The Supreme Court is preparing to hear a constitutional challenge to the Indian Child Welfare Act (ICWA) that consolidates four petitions to review the Fifth Circuit’s April 2021 en banc decision in Brackeen v. Haaland. In this decision, the United States Court of Appeals for the Fifth Circuit upheld the overall constitutionality of ICWA. However, it overturned certain ICWA processes and provisions that concern placement preferences of Native children in Indian homes. On May 26, 2022, the Court received amicus briefs from supporters of the ICWA challengers. The challengers and their amici argue that ICWA violates several constitutional provisions including equal protection, anticommandeering, and nondelegation. The next round of amicus briefs in support of ICWA and Tribal intervenors are due by August 12, 2022, and oral arguments are expected to begin after the Supreme Court term starts in October.
ICWA represents the gold standard in child welfare proceedings, strengthening and preserving American Indian and Alaska Native (AI/AN) family structure and culture. When it was established in 1978, studies showed that between 25% and 35% of all Native children were removed from their homes by state child welfare and private adoption agencies. Of those, 85% were placed with non-Native families, even when fit and willing relatives were available. ICWA re-established tribal authority to safeguard against such practices by requiring that Native children be placed with extended family members, other tribal members, or other Native families prior to placement in non-Indian homes.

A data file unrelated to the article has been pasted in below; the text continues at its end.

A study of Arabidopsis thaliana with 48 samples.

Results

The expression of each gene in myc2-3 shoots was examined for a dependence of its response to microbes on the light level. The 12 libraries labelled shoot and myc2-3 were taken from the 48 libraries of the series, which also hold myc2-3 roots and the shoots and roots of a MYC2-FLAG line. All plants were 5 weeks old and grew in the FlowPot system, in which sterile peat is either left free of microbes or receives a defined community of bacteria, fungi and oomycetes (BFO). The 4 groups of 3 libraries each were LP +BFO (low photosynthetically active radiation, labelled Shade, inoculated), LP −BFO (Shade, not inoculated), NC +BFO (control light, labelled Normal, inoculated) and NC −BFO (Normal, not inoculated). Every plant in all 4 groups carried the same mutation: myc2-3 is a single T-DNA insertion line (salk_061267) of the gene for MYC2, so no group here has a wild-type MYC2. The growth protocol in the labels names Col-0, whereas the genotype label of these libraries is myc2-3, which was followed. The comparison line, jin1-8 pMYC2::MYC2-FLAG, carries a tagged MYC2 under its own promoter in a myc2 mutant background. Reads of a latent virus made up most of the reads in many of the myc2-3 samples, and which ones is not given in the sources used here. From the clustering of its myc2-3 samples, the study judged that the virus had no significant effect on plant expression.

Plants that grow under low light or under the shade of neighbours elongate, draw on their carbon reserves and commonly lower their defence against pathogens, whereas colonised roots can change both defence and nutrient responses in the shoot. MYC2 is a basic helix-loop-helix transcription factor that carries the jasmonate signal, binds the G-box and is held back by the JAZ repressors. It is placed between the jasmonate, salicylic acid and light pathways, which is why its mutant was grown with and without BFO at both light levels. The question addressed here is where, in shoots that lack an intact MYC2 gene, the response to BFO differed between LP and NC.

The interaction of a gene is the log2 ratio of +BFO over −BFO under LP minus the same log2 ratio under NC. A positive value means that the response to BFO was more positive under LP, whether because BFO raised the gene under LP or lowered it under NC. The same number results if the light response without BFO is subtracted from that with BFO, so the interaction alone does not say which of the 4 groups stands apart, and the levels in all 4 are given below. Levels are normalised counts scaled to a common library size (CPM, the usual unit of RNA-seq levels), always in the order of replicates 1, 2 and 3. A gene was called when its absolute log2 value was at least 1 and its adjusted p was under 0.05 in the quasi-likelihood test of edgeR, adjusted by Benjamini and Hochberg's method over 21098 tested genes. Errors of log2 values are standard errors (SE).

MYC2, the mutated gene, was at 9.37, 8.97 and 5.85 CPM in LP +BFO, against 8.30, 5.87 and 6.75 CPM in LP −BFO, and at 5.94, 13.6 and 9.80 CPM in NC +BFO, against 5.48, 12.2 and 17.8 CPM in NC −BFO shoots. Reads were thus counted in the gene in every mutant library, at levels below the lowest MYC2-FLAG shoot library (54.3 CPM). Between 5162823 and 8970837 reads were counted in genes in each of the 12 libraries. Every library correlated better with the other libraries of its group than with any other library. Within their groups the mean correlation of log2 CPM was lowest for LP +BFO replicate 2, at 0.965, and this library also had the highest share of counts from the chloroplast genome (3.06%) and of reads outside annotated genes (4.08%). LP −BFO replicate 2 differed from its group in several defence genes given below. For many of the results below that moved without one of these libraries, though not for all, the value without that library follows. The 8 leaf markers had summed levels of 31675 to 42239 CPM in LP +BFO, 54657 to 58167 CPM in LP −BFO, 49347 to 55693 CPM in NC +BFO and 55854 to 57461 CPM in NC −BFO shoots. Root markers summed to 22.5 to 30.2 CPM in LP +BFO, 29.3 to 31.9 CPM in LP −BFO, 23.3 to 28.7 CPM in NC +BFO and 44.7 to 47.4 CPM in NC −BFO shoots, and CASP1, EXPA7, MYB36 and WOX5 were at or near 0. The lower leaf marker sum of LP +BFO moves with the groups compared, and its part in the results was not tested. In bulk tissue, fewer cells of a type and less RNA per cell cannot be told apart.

Today, Native children continue to be overrepresented in state foster care systems at a rate 2.7 times higher than their non-Native peers. Because more than 70% of AI/AN people live in urban settings, this overrepresentation undoubtedly has an impact in urban AI/AN communities. According to the Indian Health Service (IHS), Native youth living off-reservation often face a higher risk of health problems, including mental health and substance abuse, suicide, gang activity, teen pregnancy, abuse, and neglect. Additionally, IHS found that urban Indian populations experience the same health problems as the general Indian population, but these problems are exacerbated by a lack of access to family and traditional cultural environments. Challenges to ICWA threaten to place urban Native youth at even greater risk if they enter foster or adoption systems that do not offer protections to keep them from being further removed from their communities and culture.
NCUIH previously provided an in-depth analysis on the impact of ICWA. We will continue to monitor ongoing developments as Brackeen v. Haaland proceeds to oral argument, and to provide updates on how the case impacts urban Indian communities.